NWHL: Boston Pride Season Review
- 4 min read

NWHL: Boston Pride Season Review

After two consecutive seasons of reaching the Isobel Cup Final - including one championship win, the NWHL's Boston Pride this season were knocked out in the playoffs following a season that saw them finish third in the league.

NWHL: Boston Pride Season Review by Melissa Burgess

After two consecutive seasons of reaching the Isobel Cup Final, including one championship win, the NWHL's Boston Pride this season were knocked out in the playoffs following a season that saw them finish third in the league.

A Pride roster that was depleted of its Olympic team members came into the season with some great talent and players ready to take on bigger roles. Despite losing players like Hilary Knight, Gigi Marvin, and Brianna Decker, the Pride still had plenty of skilled skaters: Lexi Bender, Jordan Smelker, Haley Skarupa and Dana Trivigno were among those on its roster.

Janine Weber was also a huge addition to the squad, as was Kaleigh Fratkin. Fratkin announced her return to the NWHL in December; she would end up contributing five assists in 11 games.

And of course, the Pride still had mainstay Brittany Ott in net.

That being said, Boston really struggled to find its legs at the beginning of the season.

They dropped four straight before securing their first win on December 2. In those first four games, they were outscored 15-7 despite outshooting their opponent in three of the four matchups. As Boston fell, the Riveters found their way to the top. It was as if the entire NWHL had been turned upside down from last season.

Their first win saw them pot three second-period goals en route to a 3-2 victory over the Beauts. Alyssa Gagliardi registered three points (2-1) in the win.

Two wins were then followed by a seven-game losing streak that lasted from December 16 until February 24. They managed to win two of their last three games, but it was too late to make much difference in the standings.

Of the Pride's 16 games, they had their best record against the Connecticut Whale, going 3-3. They won just one of five meetings with the Buffalo Beauts, and dropped all five games to the Metropolitan Riveters.

Captain Jillian Dempsey led her team with 15 points, seven goals and eight assists, while Gagliardi had a team-high 25 blocked shots. The Pride were unable to score even one shorthanded goal this season.

When the NWHL hit the road to Minnesota for the league's annual All-Star Game, eight members of the Pride were in tow, including netminder Brittany Ott, who captained one of the All-Star Teams. Join her on Team Ott: Gagliardi, Dempsey, Emily Field, and Jordan Smelker.

Lexi Bender, Meagan Mangene and Janine Weber also made it to the All-Star Game, playing as part of Team Leveille.

Following the regular season, Boston faced Buffalo in an Isobel Cup semifinal. Already, we knew only one of those teams would be a repeat visitor to the Isobel Cup Final.

This time, for perhaps the first time, the Pride weren't the favorites to win. They were facing a Buffalo team that had reached double their point total in the regular season, and who had won all but one of the regular-season matchups. It wasn't going to be easy for Boston.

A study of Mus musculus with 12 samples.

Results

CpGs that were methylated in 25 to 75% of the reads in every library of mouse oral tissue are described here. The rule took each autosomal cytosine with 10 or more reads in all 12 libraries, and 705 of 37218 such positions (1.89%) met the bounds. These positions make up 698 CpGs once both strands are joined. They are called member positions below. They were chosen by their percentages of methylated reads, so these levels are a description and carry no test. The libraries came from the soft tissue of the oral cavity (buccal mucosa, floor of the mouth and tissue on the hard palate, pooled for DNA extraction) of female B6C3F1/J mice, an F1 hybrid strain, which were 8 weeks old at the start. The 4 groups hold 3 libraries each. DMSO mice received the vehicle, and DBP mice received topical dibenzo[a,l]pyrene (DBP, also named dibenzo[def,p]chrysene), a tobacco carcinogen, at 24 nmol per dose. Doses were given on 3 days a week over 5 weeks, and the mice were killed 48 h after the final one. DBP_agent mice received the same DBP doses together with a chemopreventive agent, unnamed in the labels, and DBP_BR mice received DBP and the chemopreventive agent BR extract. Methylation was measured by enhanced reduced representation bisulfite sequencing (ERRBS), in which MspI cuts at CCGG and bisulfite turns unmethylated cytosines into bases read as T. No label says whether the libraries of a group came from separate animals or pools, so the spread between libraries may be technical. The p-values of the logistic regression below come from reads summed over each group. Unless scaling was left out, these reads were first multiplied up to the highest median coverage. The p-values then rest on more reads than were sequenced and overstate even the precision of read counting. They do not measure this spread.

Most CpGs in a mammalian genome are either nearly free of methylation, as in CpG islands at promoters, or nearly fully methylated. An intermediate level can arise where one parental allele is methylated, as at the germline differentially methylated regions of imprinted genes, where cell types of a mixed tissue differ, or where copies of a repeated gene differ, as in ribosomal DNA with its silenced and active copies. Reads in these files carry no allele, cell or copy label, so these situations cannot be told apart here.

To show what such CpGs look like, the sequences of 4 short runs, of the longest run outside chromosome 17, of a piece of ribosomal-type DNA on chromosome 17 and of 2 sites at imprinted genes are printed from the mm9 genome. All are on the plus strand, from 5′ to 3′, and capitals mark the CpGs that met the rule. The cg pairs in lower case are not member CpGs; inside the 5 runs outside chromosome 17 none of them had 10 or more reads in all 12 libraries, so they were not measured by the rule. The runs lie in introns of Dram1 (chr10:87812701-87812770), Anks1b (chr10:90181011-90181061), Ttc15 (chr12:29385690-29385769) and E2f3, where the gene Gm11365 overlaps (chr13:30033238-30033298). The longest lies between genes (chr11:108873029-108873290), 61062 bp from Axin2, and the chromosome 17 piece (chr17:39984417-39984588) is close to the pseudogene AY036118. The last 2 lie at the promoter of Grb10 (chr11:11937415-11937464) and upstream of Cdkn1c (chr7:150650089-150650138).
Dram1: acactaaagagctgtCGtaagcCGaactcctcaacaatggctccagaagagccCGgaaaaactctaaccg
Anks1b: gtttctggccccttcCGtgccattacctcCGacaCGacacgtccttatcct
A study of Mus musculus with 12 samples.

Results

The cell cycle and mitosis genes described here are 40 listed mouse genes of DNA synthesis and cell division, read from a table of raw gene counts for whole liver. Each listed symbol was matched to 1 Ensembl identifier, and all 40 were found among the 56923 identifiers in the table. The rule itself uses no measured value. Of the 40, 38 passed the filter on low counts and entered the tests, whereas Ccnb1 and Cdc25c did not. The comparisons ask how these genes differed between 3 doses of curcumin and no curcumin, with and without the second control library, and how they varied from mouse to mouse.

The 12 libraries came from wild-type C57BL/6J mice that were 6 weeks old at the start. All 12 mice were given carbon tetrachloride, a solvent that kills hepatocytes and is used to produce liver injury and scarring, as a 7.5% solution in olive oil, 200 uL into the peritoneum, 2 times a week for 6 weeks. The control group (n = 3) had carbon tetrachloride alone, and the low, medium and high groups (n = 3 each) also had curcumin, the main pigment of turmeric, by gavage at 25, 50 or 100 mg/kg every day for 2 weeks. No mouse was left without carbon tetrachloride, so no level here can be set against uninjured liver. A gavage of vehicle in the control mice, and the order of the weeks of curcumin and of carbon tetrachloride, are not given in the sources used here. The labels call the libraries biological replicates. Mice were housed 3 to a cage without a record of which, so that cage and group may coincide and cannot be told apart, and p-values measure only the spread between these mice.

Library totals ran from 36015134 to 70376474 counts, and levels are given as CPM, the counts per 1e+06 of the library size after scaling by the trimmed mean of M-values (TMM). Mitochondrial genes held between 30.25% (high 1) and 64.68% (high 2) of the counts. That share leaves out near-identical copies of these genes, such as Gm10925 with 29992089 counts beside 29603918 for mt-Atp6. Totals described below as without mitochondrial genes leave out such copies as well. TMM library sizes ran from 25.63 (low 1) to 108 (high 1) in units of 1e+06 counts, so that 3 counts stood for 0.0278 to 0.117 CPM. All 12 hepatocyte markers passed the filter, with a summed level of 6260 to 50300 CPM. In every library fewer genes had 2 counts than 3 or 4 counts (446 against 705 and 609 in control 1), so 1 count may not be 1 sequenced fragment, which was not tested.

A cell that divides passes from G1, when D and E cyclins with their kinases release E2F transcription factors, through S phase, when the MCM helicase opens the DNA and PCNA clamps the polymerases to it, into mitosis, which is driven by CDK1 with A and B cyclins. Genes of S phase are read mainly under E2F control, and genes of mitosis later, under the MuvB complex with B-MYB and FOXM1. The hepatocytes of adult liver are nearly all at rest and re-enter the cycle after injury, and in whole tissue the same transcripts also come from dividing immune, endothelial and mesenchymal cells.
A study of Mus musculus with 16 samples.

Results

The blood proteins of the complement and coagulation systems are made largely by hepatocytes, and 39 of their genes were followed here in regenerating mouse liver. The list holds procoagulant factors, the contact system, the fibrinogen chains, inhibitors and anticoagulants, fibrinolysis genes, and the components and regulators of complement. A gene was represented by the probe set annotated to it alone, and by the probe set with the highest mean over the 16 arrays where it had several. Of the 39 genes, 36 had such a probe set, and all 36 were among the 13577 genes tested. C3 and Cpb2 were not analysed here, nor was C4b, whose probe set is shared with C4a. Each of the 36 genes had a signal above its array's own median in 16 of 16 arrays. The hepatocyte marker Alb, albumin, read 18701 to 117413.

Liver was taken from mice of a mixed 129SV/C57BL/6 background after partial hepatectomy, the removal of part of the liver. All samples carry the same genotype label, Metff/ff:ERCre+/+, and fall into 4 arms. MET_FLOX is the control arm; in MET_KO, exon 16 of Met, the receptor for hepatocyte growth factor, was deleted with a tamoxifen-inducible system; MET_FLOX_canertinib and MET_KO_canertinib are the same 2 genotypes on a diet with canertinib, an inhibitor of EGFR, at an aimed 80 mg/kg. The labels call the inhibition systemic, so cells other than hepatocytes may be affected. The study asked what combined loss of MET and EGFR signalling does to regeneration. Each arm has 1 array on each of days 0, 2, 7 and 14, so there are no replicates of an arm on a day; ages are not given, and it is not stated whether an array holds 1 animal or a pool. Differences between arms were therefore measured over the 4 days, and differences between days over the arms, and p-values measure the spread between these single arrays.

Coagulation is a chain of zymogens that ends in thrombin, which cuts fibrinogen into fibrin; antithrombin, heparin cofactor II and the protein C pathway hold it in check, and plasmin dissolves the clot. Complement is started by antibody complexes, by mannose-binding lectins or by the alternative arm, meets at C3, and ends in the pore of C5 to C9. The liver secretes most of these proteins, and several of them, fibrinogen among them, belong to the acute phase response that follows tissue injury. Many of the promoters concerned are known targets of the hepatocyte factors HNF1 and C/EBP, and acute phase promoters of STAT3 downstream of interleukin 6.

A close game resulted in an overtime loss for the Pride on Sarah Casorso's heroic game-winning goal for the Beauts. With that, Boston's season was over. Instead of vying for the Isobel Cup for the third straight season, they packed their bags to head home.

At the season's end, Dempsey was honored by the NWHL with the Denna Laing Award, presented to the player who "most exemplifies the qualities of perseverance, sportsmanship and dedication to her sport, as chosen by the NWHLPA."

Dempsey and Laing have been teammates for 15 years, and Laing noted her dedication to the game and her teammates as key points in her persona.

"I am incredibly humbled to be the recipient of the Denna Laing Award," Dempsey said. "Denna is one of the best and most committed teammates I have ever had. Her perseverance and resilience inspire me to work hard every single day. I am so grateful to play the sport I love alongside her and so many other amazing athletes who share my fierce dedication to the game. Receiving this award is truly an honor," she added.

Aside from Dempsey, Lexi Bender was the other Pride player to be honored by the league, as she was Boston's recipient of the NWHL Foundation Award. Bender was honored for "actively applying the core values of hockey to her community as well as growing the game and improving hockey culture."

One more point to mention regarding this season's Pride team: their coaching staff. With Bobby Jay gone, Thomas Poeck took the helm behind the bench. Poeck was named head coach back in May 2017.

It's weird to think of a season where the Pride notched 12 points in 16 games as a "disappointment," but it certainly wasn't on par with their first two seasons in the still-young NWHL.

Losing all of those Olympic players certainly played a role; it'd be hard to deny that, even with others stepping up. It also didn't help that the Riveters became such a contender over the offseason, which really helped set Boston out of place.

So what happens next season? Obviously with free agency, and the potential for Olympic players to return, plus players potentially jumping from (and to) the CWHL, it's anyone's guess what the NWHL looks like in the fall.

Could any of the Pride 2017 draft picks join the team? Potentially. They've got some solid pieces in their pipeline including Boston College's Katie Burt and Kenzie Kent, Northeastern's Lauren Kelly and Harvard's Lexie Laing.

NWHL free agency opens on June 1 -- that's where the fun will begin, as the Pride organization looks to rebound from a forgettable season and vie for the Isobel Cup once more.